A key worker who became the victim of a £10,000 push scam has criticised HSBC's approach to dealing with her case, after being told she might not get her money back and having her account frozen.
The Yorkshire-based woman, who requested anonymity, said she was "duped" by a clever push scam in May, which targeted her just days after a bond had matured.
She expressed concern at having fallen for the ruse, and was dismayed by the coincidental timing of the scam. She told FTAdviser: "It was the first time in my life I had ever had so much money in my HSBC bank account."
When she reported it to HSBC, the first person she spoke with in HSBC's call centre said such authorised push payment scams were known to the bank, adding she probably "was unlikely to get her money back".
She was not given a reference number to take it further, and was told the operator had not decided whether to raise it as a case.
A few days later, after having called the APP scam team at HSBC and finally getting it confirmed as a case, she was sent a letter stating her account had been frozen, and she would be unable to pay any bills unless she drove 30 minutes to the nearest open branch.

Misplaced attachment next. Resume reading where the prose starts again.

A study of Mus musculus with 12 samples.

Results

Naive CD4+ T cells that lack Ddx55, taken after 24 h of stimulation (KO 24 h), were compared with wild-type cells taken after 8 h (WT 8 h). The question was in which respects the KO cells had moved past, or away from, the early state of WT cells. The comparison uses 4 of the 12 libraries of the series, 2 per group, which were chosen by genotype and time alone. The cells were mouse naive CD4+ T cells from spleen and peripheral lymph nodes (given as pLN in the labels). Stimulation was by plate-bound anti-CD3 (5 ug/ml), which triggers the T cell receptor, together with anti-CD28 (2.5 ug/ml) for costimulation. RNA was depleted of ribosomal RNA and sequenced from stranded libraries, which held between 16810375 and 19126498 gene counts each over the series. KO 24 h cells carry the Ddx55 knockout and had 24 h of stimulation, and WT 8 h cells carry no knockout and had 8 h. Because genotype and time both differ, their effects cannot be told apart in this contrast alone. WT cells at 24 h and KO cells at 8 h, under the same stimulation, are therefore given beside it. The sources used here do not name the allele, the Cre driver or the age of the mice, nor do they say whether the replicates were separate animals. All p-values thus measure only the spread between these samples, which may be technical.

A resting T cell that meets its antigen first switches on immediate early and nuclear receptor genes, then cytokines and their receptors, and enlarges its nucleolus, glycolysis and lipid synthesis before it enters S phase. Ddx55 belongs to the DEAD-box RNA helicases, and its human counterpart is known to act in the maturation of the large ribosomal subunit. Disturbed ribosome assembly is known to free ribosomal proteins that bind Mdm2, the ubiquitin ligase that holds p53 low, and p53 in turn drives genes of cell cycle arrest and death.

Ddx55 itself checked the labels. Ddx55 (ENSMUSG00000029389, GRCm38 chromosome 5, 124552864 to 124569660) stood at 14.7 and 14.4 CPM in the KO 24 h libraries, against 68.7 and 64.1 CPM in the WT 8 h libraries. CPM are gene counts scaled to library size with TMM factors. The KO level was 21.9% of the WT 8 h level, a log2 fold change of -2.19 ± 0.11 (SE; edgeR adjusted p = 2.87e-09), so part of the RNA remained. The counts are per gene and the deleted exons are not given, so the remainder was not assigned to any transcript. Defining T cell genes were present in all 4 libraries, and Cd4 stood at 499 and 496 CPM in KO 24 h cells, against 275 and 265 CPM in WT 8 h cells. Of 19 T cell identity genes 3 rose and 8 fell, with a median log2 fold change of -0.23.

The customer, who was left "crying in front of three different members of staff", said: "I had more stress to add to this sorry saga of HSBC.
"I had received a letter from them, obviously as a result of my initial reporting of this. It told me my online/mobile banking had been suspended as a result of the 'unusual activity' on my account and to ring a specific number to reactivate my access.
"I did so and was then told my telephone banking passcode had failed - no idea why, as I had used it with the scam team on Saturday and it was fine. I explained to the agent I was following the instructions of HSBC in how to reinstate my access; he said it could be suspended due to the investigation.
"I said it could not surely be right to leave me without access to my accounts for up to 15 days. He said the only way to reset this passcode was to go into a branch; there was no alternative."
She said the staff in branch were helpful "but it was just another instance of how HSBC have failed me as a customer".
The problems began on Tuesday 12 May, when the customer was called from a number that was the same as on the back of her HSBC debit card. The person on the phone asked her to check this for her own peace of mind.
They told her they had noticed someone in Aberdeen attempting to access her account, and took her through security questions. However, the customer said the scammers did not ask for the full security code - they knew it from just one number, nor did they need to be told her full date of birth - they already appeared to have it.